Top Stories

Ponton: GSU sports programs lost $400K in 2017-18 academic year

Overhead view of Eddie G. Robinson Stadium. GSU Athletics/Courtesy photo

College athletics are central to the university experience, but not many students or community members know about the finances of athletic programs at Grambling State University. 

“This past year we’ve had a budget deficit of approximately $400,000 dollars,” GSU Athletic Director Dr. David Ponton told the The Gramblinite. 

Ponton said the university is aiming to makes its sports programming revenue neutral. 

“Our attempt is to break even at the end of the season,” said Ponton. “However, when there other student-related priorities around campus involving not just athletes, then the department will not be fully funded.” 

Earlier this year Ponton told KTBS that the financial support the university receives from the state decreased from $32 million to $13 million. With a usual budget of $9-10 million dollars, Grambling spends more money on sports programs than they take in. 

With those budgets the school maintains athletic needs and services. Money is spent for all athletics on transportation, travel, uniforms, books, scholarships, equipment, medical insurance and other items resulting in the school spending more money than what they make year to year. 

“When you lose money like that it puts a bigger stream on the university because they have to cover that,” Ponton said. 

Essentially, athletic finances include all money brought and spent by the university in support of athletics programs.

Some of the finances that go toward funding athletics come from donations, profits and games won during the time of the season such as regular season, tournament play and championship games. 

Winning can also drive revenue because winning brings more people to the games home or away and people love to see good teams play against each other. 

The schools also have revenue sponsorships in which the school will advertise slots that are open for sponsors who pay Grambling for the exposure. Other revenues include tickets, parking and concessions. 

In addition, student fees in the amount of $100 per student, per semester are paid along with tuition. That means in the fall semester alone the total take from 5,205 students enrolled at Grambling State University equaled $520,500.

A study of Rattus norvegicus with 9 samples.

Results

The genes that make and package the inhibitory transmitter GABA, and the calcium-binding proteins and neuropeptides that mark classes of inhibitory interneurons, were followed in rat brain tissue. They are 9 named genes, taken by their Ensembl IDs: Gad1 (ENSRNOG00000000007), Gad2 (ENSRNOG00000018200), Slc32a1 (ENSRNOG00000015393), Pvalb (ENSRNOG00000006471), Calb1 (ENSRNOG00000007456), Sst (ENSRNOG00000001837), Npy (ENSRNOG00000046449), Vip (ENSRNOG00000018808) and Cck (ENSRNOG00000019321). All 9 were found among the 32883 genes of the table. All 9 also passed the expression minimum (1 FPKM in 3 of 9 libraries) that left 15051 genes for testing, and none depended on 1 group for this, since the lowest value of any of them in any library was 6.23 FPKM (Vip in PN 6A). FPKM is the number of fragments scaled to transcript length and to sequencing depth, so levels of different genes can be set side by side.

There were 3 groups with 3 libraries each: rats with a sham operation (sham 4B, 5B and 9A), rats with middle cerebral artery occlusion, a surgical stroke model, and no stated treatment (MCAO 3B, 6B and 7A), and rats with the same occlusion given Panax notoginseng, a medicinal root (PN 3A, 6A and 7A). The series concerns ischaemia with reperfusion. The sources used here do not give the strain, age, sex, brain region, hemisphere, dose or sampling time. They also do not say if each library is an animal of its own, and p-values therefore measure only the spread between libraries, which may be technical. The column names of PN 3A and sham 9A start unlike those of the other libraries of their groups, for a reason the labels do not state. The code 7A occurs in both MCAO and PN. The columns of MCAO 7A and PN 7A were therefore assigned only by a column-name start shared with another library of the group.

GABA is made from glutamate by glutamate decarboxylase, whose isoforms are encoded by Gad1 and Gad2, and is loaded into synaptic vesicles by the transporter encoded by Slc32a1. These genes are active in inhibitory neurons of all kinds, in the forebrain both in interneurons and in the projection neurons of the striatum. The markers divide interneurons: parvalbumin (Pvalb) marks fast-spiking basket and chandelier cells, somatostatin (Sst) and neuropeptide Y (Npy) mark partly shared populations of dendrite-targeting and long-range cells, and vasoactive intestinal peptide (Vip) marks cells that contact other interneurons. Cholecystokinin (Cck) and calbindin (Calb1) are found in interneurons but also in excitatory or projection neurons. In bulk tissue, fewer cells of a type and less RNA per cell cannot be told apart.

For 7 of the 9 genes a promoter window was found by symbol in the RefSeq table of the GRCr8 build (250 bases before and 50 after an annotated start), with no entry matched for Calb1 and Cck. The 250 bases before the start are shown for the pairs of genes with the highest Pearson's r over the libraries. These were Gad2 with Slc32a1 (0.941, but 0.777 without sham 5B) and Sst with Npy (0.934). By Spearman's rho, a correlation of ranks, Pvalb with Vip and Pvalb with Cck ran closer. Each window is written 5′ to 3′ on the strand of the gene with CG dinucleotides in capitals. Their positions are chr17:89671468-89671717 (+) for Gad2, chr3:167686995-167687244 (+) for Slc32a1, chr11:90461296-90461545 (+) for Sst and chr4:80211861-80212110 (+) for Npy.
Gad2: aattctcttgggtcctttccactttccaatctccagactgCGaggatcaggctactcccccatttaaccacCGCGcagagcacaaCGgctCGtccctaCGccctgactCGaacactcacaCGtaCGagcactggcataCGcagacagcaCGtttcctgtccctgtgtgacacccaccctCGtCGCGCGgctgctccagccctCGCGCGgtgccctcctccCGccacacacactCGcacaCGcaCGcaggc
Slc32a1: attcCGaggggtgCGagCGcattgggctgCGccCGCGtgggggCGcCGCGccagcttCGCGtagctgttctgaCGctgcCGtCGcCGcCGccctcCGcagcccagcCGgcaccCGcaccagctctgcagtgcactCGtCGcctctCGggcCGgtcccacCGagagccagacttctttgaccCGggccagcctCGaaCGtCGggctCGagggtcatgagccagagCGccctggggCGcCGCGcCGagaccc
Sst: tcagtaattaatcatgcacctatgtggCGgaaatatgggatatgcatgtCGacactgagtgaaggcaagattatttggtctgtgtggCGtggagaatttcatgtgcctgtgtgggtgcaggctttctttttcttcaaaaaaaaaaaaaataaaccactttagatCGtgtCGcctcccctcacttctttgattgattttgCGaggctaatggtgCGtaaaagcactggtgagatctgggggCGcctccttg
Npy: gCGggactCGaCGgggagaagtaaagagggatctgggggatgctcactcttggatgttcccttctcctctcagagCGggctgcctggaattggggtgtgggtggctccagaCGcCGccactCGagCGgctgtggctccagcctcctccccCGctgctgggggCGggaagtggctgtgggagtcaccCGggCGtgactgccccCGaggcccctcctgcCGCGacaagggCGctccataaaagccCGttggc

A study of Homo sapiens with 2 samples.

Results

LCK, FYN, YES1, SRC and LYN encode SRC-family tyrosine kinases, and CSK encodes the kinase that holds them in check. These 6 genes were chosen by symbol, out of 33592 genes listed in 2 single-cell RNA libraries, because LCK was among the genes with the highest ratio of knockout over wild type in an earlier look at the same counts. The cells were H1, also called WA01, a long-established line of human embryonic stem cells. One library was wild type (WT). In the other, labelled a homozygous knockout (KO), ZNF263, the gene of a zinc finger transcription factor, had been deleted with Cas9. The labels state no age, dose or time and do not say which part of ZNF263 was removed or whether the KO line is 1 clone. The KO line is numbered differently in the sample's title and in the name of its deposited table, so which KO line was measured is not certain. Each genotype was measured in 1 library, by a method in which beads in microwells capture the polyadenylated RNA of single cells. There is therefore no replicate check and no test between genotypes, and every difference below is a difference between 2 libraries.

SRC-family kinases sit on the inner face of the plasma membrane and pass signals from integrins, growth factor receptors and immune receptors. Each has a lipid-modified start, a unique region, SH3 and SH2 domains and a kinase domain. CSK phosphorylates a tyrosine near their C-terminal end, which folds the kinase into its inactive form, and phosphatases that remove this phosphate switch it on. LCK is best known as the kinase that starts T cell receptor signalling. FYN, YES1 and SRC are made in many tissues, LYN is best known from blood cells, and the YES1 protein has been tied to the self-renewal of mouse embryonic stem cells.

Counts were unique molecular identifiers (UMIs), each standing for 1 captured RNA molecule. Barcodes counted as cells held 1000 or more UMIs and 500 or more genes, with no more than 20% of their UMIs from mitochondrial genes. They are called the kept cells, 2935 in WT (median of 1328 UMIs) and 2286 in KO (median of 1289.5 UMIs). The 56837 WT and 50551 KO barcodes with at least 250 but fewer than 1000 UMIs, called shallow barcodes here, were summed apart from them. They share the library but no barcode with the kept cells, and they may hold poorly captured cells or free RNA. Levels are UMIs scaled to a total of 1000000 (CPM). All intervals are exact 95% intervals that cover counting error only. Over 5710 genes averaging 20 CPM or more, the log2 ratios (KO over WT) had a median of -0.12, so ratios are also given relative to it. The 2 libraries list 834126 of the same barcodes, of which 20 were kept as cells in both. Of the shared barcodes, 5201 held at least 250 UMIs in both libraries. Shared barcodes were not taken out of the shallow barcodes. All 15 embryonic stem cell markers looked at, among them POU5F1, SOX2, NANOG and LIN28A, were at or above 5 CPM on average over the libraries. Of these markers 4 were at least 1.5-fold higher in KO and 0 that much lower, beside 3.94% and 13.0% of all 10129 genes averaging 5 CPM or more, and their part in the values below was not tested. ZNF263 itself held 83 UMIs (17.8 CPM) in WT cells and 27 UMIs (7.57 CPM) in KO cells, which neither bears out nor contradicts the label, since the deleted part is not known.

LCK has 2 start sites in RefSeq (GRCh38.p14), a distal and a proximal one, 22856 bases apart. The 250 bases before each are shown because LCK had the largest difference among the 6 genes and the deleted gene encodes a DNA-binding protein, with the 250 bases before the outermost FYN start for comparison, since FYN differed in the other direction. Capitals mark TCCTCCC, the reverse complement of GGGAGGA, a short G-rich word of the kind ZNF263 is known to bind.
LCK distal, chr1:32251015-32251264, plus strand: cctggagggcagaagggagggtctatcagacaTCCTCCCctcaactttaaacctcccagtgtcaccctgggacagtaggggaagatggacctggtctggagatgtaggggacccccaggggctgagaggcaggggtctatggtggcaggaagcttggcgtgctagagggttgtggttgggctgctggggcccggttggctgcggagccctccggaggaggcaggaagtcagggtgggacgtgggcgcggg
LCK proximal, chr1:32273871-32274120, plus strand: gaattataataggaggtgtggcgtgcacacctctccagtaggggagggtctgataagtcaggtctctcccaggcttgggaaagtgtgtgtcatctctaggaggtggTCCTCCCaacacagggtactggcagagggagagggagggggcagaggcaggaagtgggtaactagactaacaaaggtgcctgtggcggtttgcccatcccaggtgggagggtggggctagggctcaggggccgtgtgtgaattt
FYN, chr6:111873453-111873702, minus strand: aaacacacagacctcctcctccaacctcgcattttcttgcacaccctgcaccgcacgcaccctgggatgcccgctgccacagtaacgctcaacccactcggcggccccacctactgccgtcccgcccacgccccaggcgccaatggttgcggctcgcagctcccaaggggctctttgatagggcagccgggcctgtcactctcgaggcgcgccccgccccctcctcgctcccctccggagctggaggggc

Terrance Bradford, an assistant professor in Grambling’s College of Business, said finances are split between sports, like football that see higher revenues and could turn a profit, and others, such as bowling, that are unlikely to ever generate any revenue. 

“The revenue sports help fund the other sports that don’t generate revenue,” Bradford said.  

Revenue sports both spend and bring in a large amount of money each year. Being a non-power five school, makes it very difficult for Grambling to see a profit from any of its sports programs.

In fact, football, the most popular sport at GSU posted an $800,000 loss in the 2016-17 season, according to the Louisiana Legislative Auditor. Altogether the Louisiana Legislative Auditor reports Grambling posted a $2 million loss for all sports combined that year. 

In contrast, Louisiana State University’s football program made a profit of $56.1 million over the same time period, according to the Baton Rouge Advocate. 

However, LSU sports programs as a whole only made a little of $16 million from a gross revenue of $147.74 million. The only other sports to make a profit at LSU that year were men’s basketball and baseball. 

Grambling is a member institution of the NCAA which means Grambling pays dues but also receives a distribution based of the number of sports that are at the school. 

Ponton said he is hopeful that in the upcoming year Grambling will be able to narrow the deficit. 

“With the upcoming season approaching and the excellent staff they will have,” Ponton said. “All of the department funding where it should be.” 


Contributing writer Kamau Dangerfield Tucker contributed to this report.